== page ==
Wikipedia is one of the most popular resources of information in the world because of the fact that this is the sort of thing that could potentially end up allowing people to access high quality information free of charge whenever they feel like it. However, the manner in which people end up on Wikipedia is something that should really be taken note of. Most of the time people reach Wikipedia after entering a search query into a search engine and discovering that Wikipedia is one of the highest ranking sites on the search engine results page.

With all of that having been said and now out of the way, it is important to note that the Wikimedia foundation partnered with search engine DuckDuckGo to research the relationship between search engines and Wikipedia, and this research actually yielded some pretty pertinent results if you think about it. Wikipedia receives a massive 15 billion page views on a monthly basis from virtually every single geographic location on the planet and what’s more is that these page views come from a billion and a half unique devices as well. That means an average of ten page views per unique device, more or less exemplifying just how thoroughly ingrained Wikipedia has become in the manner in which we have currently chosen to end up living our lives.

However, this number though undoubtedly high fails to capture the scope of Wikipedia’s influence with all things having been considered and taken into account. This has a lot to do with the kinds of changes that we have seen in search engine results pages over the course of the past few years or so. Whereas previously when you entered any kind of a search query you would essentially have gotten a list of hyperlinks that you could click on.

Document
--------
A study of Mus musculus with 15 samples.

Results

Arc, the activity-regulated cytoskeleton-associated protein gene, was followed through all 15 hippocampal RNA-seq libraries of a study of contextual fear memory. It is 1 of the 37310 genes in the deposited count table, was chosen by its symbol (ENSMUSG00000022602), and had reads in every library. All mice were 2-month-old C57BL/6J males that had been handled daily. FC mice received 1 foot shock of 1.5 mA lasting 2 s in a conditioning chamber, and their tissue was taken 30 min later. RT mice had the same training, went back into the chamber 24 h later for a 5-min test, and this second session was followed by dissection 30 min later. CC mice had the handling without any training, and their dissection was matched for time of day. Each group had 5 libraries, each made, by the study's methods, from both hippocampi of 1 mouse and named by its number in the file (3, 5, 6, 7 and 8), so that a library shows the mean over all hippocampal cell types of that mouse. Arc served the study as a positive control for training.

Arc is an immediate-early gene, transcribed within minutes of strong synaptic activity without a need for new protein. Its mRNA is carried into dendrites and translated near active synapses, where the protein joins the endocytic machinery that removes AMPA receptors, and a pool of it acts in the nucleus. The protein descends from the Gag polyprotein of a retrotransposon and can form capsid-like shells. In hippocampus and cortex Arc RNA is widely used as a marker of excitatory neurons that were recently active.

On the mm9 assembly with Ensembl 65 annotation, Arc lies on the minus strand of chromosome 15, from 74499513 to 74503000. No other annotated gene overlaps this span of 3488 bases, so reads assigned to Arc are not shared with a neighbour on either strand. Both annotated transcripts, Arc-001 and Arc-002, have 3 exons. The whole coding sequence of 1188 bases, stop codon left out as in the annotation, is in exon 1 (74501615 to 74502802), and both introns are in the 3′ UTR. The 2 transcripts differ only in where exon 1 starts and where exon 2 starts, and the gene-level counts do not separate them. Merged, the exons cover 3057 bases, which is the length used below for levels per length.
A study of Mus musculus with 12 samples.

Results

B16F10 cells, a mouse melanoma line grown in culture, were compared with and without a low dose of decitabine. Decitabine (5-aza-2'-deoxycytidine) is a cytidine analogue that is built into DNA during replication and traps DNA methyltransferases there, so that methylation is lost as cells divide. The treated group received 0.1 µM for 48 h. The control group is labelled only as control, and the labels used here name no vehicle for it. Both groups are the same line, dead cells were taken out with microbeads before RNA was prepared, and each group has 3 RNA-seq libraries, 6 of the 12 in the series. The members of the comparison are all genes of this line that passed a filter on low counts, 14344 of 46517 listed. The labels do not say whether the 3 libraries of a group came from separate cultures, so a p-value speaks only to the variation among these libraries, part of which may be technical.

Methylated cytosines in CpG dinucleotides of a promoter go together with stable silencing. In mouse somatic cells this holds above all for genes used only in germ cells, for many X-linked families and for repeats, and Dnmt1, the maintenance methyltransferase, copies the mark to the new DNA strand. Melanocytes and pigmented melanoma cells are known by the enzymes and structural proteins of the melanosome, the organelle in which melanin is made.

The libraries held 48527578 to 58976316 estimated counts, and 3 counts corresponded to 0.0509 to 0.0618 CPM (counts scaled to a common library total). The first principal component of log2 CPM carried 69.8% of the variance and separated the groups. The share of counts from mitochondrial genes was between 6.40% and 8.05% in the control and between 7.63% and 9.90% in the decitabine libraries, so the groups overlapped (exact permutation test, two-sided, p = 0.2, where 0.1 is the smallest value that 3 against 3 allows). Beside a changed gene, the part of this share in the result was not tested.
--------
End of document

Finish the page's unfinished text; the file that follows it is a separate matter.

Nowadays, though, things are quite different. The modern search engine results page will have these boxes of information that are also called knowledge panels which will contain detailed information from a webpage that is more than likely going to be Wikipedia and somewhat less often a different site that is arguably in the same league as Wikipedia.

What this essentially means is that Wikipedia is getting a lot more hits than the numbers can indicate since people often just glean the information they need from the Wikipedia sourced knowledge box that they would see on their search engine results page.

75% of the hits that Wikipedia gets come from search engines, and 90% of these search engine result based hits come from Google which makes sense since Google is the single most widespread search engine in the world in terms of overall usage and the like. That might seem to indicate that Wikipedia is somehow reliant on search engines and the like, but when you look at things from the perspective where Wikipedia is so prominently featured in search engine results pages, a far more symbiotic relationship starts to become apparent.

Search engines need Wikipedia to enrich their results pages, and Wikipedia needs search engines to drive traffic to its pages and to disseminate the information that it has to offer. Both parties help each other out quite a bit.